It is the world's oldest systems virus. It began more than 50 years ago in the deadwood edition of The New York Times and became so welded to its host that it was grandfathered into the digital age without its dirty volume even being detected. No attempt has ever been made to remove the virus because those in a position to do so are unaware of its existence, indifferent to it, or, more likely, invested in it as a vital marker of its institutional identity as well as its oldest extant reportorial tradition.
The virus is still unnamed. It ought to be called the "Herbert Matthews Virus" after its creator, although that wouldn't help to identify it since the only ones who've heard about his fictional writings on The Times' front page are old Timesmen and Cubans. The Times' exaltation of Fidel Castro and concomitant degradation of the Cuban people — for one can hardly idolize Castro without showing at the same time the greatest contempt for his victims — has outlasted by decades its erstwhile infatuation with Stalin, whose crimes it concealed until Khrushchev finally acknowledged them (in part) after Stalin's death, which is to say, it was the Soviets who broke the pact of silence to which The Times had faithfully subscribed since the days of Walter Duranty; otherwise, we should still be reading its glowing reports on the success of yet another Five-Year Plan (but not about the 10 million lives it cost).
In the case of Hitler, too, The Times downplayed his targeting of Jews and did not report on the concentration camps until the day they were liberated though it knew about their existence long before. Better that Europe's Jews should perish than The Times' Jewish owners be ostracized as Zionist propagandists by this country's own (non-lethal) anti-Semites. The irony, of course, is that Germany's assimilated Jews fared no better than their Orthodox co-religionists at the hands of the Nazis. Still, for the Ochs-Sulzbergers, 100% Americanism meant emulating the callous unconcern of the bigots and feeding the sense of invulnerability of their enemies.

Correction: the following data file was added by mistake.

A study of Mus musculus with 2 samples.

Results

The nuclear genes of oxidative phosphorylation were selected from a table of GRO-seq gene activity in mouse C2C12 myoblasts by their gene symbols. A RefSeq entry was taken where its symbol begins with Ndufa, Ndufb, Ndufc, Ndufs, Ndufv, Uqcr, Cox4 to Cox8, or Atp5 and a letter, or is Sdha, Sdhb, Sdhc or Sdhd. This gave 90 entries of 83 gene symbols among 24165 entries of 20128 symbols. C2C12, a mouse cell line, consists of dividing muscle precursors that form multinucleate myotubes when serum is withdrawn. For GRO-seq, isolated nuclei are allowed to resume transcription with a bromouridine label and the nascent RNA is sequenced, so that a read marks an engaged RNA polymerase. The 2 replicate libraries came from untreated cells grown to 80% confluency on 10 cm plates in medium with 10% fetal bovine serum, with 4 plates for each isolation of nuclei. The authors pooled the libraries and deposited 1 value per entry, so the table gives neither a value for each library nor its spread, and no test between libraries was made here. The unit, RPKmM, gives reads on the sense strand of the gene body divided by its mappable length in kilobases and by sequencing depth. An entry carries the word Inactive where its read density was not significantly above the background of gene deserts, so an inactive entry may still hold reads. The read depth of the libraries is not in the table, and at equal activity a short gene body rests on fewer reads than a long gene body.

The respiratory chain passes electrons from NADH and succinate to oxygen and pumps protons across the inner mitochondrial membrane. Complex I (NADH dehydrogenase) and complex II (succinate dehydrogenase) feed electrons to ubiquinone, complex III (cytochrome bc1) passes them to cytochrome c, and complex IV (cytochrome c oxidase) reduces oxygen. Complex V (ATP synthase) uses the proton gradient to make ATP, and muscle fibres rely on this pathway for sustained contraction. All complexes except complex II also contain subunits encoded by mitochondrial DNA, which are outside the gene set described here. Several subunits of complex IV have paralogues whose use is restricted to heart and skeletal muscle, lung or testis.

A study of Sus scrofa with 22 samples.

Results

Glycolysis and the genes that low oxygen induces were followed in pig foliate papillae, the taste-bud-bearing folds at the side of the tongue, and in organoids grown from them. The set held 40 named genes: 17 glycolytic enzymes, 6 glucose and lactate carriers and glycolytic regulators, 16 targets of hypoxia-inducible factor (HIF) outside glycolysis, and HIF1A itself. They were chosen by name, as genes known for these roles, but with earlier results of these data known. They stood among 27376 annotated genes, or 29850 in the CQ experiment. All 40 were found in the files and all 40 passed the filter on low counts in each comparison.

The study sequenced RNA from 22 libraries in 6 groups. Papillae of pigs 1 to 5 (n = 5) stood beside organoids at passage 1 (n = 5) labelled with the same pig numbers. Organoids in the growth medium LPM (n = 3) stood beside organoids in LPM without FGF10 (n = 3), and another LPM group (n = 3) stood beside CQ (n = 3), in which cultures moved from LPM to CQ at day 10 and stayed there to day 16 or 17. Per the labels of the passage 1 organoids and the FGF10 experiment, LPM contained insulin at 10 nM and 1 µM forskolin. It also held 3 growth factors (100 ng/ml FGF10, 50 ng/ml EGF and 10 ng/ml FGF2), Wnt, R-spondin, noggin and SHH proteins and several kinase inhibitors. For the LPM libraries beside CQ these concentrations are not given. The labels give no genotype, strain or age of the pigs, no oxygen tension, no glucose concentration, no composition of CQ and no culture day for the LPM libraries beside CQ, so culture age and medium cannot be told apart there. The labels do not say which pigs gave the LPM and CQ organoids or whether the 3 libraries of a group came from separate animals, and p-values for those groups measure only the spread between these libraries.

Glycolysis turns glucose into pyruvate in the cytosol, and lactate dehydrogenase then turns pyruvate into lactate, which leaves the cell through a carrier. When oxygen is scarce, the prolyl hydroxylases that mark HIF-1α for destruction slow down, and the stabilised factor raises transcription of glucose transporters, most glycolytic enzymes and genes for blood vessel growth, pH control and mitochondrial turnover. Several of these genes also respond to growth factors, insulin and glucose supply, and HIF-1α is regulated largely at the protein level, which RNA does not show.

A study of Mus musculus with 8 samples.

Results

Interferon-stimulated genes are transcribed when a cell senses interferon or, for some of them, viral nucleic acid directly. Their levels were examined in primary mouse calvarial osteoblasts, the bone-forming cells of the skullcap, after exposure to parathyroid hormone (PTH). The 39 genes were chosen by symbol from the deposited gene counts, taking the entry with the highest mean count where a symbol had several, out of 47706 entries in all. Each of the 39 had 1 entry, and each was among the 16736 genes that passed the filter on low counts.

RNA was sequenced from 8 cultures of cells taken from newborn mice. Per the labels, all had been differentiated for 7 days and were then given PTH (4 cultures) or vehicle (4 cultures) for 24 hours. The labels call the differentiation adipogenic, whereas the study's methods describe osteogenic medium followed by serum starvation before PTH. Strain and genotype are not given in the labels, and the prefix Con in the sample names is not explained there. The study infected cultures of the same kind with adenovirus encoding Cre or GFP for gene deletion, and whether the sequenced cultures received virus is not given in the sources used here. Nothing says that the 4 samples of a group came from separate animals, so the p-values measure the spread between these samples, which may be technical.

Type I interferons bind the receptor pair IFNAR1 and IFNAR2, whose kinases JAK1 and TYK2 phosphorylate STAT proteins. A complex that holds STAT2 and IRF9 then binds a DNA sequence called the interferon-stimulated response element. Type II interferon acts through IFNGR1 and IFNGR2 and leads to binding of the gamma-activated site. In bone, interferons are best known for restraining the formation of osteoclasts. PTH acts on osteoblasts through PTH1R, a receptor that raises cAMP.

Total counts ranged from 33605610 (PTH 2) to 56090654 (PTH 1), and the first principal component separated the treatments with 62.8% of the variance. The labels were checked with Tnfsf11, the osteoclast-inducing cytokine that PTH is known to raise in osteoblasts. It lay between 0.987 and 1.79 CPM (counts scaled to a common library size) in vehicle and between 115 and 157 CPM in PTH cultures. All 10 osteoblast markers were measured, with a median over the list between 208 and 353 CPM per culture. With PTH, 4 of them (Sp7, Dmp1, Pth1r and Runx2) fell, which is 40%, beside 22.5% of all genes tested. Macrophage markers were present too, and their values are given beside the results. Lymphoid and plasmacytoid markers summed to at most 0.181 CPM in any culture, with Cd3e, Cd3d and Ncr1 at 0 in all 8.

Nevertheless, The Times did not thrust Stalin on Russia, or Hitler on Germany. Fidel Castro, however, is entirely its creation. The Eisenhower State Department took its cues on Castro from The Times and enthroned the "Jeffersonian democrat" of Matthews' imagination. If Billy the Kid had entertained wider ambitions and lived a little longer, The Times might have catapulted him into the White House. The only difference is that Billy wasn't an ideologue and consequently killed much fewer people.
When will The New York Times admit its complicity in Cuba's ruin or even just Cuba's ruin? The 50th anniversary of the Cuban Revolution presented them with just such an occasion. So did the 1st, the 5th, the 10th, the 20th, the 25th ... well, any year in the last fifty. Will it wait till the Cuban Khrushchev denounces the Cuban Stalin? Or must we wait for the excavation of Cuba's Killing Fields before The Times awakens to the truth? Perhaps not even then. Walter Duranty's portrait still hangs in its offices with those of its other Pulitzer Prize winners. Herbert Matthews never won a Pulitzer Prize which is the reason his portrait isn't in the gallery.
[In Part 2, I will review an entire issue of The New York Times for biased, inaccurate or tendentious reporting on Cuba, tracing the entire course of the "HM Virus" through its system].